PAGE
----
May 7, 2010 | by Andrew Kameka
There’s a great deal of confusion about the way Android handles multitasking, says Android Software Engineer Dianne Hackborn. In a recent blog post, Hackborn clarifies that Android doesn’t require apps to close when users are “done” with them; however, that doesn’t mean apps running in the background negatively affect performance. Look at this particular excerpt from Hackborn’s article:
Applications may seem present to the user without an actual process currently running the app; multiple applications may share processes, or one application may make use of multiple processes depending on its needs; the process(es) of an application may be kept around by Android even when that application is not actively doing something.
What exactly does this mean? You don’t need to kill an app just because a task manager says it’s running. Android automatically closes apps if the phone requires RAM or if that app remains inactive too long.
In 2009, HTC Dream users noticed sluggishness in their phones and searched for a way to speed up the device. Apps like Advance Task Manager and Taskiller Pro emerged as tools to quickly see what was running and kill everything as a means of speeding up the phone. It seemed like a godsend to users but some argue that the apps are not as valuable as once thought.
Days after I read Hackborn’s post, a reader sent me a tip about comments from Cyanogen, a well-known Android modder who also feels task managers have minimal use. After fielding complaints from users experiencing problems on his CyanogenMod version of Android, he posted the following tweets:
TASK MANAGER DEVELOPERS RESPOND
However, developers of task killing apps are of a different opinion. Arron La, developer of Advance Task Manager, suggests that task killers are more important for legacy devices like the G1 and phones running older versions of Android.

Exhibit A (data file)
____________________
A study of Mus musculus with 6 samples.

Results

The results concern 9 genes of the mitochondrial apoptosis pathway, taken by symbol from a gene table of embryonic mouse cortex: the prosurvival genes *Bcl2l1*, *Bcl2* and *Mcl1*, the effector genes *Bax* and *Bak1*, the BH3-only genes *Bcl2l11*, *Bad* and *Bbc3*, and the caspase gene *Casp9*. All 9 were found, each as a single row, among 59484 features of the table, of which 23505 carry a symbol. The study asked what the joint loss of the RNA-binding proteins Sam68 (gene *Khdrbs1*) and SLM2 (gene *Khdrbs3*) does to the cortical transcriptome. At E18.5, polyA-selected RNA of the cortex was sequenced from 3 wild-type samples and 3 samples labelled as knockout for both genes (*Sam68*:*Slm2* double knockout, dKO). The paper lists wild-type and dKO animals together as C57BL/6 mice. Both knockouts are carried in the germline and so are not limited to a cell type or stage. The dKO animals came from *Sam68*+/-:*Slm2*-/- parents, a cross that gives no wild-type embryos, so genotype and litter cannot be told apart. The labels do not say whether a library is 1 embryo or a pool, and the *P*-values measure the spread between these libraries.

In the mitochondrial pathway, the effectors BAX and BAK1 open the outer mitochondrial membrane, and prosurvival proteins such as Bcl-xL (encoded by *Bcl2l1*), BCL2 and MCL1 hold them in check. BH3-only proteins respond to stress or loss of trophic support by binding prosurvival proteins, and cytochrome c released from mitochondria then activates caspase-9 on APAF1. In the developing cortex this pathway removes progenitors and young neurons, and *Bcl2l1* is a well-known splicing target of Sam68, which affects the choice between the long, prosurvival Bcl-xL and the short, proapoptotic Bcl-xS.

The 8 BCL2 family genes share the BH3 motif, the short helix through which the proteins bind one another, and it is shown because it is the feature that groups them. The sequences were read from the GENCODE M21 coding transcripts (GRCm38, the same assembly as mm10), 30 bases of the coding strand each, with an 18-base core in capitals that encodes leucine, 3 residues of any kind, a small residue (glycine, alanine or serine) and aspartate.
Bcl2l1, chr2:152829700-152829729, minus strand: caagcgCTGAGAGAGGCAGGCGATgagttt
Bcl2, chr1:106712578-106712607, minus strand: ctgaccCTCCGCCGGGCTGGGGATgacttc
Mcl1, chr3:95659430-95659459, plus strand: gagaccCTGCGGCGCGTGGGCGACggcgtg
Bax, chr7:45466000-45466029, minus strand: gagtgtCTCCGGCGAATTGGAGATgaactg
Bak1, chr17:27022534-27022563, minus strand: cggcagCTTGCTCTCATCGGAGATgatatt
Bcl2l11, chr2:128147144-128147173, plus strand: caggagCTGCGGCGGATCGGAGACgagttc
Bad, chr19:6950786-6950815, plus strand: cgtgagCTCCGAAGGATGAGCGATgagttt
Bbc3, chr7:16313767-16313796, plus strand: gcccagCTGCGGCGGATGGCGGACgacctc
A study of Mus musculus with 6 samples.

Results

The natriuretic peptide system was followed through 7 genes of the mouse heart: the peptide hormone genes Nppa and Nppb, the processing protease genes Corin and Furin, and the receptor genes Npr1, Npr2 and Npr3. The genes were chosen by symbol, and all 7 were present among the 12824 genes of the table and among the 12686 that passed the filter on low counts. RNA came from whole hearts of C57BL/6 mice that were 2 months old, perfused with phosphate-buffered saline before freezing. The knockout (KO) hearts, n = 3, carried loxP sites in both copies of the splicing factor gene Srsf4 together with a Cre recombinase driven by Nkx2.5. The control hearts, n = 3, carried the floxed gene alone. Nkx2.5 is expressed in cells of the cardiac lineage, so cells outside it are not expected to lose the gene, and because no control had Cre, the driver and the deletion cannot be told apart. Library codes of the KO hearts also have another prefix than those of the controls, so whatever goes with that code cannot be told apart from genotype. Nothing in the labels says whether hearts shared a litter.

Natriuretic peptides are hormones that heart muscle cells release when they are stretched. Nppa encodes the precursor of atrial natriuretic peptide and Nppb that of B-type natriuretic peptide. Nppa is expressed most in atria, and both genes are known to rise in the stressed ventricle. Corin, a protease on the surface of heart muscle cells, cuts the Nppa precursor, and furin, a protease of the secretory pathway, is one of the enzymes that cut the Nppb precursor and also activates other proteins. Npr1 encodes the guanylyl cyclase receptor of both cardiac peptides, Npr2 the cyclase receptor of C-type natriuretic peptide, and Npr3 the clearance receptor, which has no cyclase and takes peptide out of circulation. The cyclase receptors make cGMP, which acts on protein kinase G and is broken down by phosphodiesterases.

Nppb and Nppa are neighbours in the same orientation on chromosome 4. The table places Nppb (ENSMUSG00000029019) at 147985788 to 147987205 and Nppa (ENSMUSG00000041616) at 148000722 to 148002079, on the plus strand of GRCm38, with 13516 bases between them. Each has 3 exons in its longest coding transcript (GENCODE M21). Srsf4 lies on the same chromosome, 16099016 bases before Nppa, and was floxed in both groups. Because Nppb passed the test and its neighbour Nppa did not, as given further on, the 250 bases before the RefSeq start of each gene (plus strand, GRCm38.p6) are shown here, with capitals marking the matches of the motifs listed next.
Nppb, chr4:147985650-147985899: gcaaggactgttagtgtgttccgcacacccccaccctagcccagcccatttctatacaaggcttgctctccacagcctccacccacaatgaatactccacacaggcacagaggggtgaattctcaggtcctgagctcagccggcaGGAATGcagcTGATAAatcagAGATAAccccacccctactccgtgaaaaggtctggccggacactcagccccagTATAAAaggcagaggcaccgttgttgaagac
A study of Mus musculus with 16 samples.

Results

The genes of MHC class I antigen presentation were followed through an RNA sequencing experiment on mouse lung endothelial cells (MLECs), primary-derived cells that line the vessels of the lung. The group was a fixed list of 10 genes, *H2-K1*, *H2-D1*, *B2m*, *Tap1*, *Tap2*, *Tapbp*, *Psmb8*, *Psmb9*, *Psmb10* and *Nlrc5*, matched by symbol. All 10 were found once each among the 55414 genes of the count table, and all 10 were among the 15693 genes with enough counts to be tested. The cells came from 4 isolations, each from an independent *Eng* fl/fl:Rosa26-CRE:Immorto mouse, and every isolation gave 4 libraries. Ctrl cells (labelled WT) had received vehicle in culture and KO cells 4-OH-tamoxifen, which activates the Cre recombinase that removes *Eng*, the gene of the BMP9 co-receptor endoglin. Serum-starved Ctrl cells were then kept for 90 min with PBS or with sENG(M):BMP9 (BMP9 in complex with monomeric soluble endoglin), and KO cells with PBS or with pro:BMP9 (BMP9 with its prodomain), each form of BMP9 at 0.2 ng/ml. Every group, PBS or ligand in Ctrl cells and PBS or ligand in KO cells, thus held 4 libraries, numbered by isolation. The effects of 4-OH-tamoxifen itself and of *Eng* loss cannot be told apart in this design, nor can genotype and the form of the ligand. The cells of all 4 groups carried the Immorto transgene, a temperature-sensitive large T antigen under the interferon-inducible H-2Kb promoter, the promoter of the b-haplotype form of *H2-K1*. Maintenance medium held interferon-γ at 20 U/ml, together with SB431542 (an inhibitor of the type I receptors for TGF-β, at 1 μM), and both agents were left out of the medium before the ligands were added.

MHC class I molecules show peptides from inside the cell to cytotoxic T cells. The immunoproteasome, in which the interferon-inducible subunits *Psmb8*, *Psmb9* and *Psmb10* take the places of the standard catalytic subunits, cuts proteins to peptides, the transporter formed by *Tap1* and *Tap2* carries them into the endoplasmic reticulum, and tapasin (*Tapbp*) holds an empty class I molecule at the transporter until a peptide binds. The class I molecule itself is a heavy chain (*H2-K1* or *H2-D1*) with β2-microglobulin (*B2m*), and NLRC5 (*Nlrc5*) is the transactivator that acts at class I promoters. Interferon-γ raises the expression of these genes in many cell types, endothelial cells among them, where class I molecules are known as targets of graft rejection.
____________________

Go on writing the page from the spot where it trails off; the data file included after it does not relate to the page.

“Task Managers were absolutely needed in the past before the new services UI came out in Android 2.0 or 2.1,” La said in an e-mail. “Task Managers had a niche of allowing users to quickly kill services associated with apps – including all the other stuff as well, such as alarms – but that was the only way to do it before the introduction of the new services UI.”
La contends that task managers may someday fall out of favo , but believes Advance Task Manager still has value because it provides a quicker end-all strategy. But should Android users interfere with Android’s inherent ability to end processes and services?
Of the dozens of task apps in the Android Market, several include “auto-kill” functions that will periodically kill apps. In certain apps, this can interfere with sync or background services, even if those apps have been whitelisted. An errant auto-kill can mess with your calendar or email, prevent an alarm from ringing, or even create problems for playing music in the background. Imagine my surprise when I saw a Last.fm dev team member say that task killers complicate background music of the Last.fm app
GREAT APP OR GOOSE CHASE?
Even the developer of TaskOS concurs, though he makes it a point to say that TaskOS is more about task switching and ending apps only when absolutely necessary.
“It’s very bad to kill services on Android because those services are loaded with a lot of information and are ‘sleeping’ without using battery usage,” says Christophe. “That’s why TaskOS doesn’t show services…Killing one application when you know what to do is [beneficial]. Killing mass applications is bad.”
I’ve long been a fan of task killers because they helped me free up RAM when my G1 was acting sluggish. I’m not so sure that it is beneficial to continue using it. Is my phone really seeing an uptick in performance or is it all just the placebo effect of an unnecessary product?
“The question is meaningless as long as there are many users to use the task manager,” argues Xiao of Estrongs Task Manager. “Where there are requirements, there are applications.”
The Android Market has dozens, possibly hundreds, of task killer apps all vying for attention. I’m sure some people may argue that there’s some short-term value to these apps; however, it appears that task killers are not necessary and in some cases do more harm than good. An additional 20 minutes of use or short bursts of freed RAM can be great, but users shouldn’t compromise experience and overall health of their device for that extra time.
Let me be clear in stating that apps like Advance Task Manager or TaskOS have great virtues like batch uninstall and app switching that many people can still benefit from using. With that said, it seems that constantly killing tasks, apps, and processes is not in the best interest of your phone. Android already has the natural ability to do this effectively, so let the phone do its job.
[Many thanks to Don for inspiring this post!]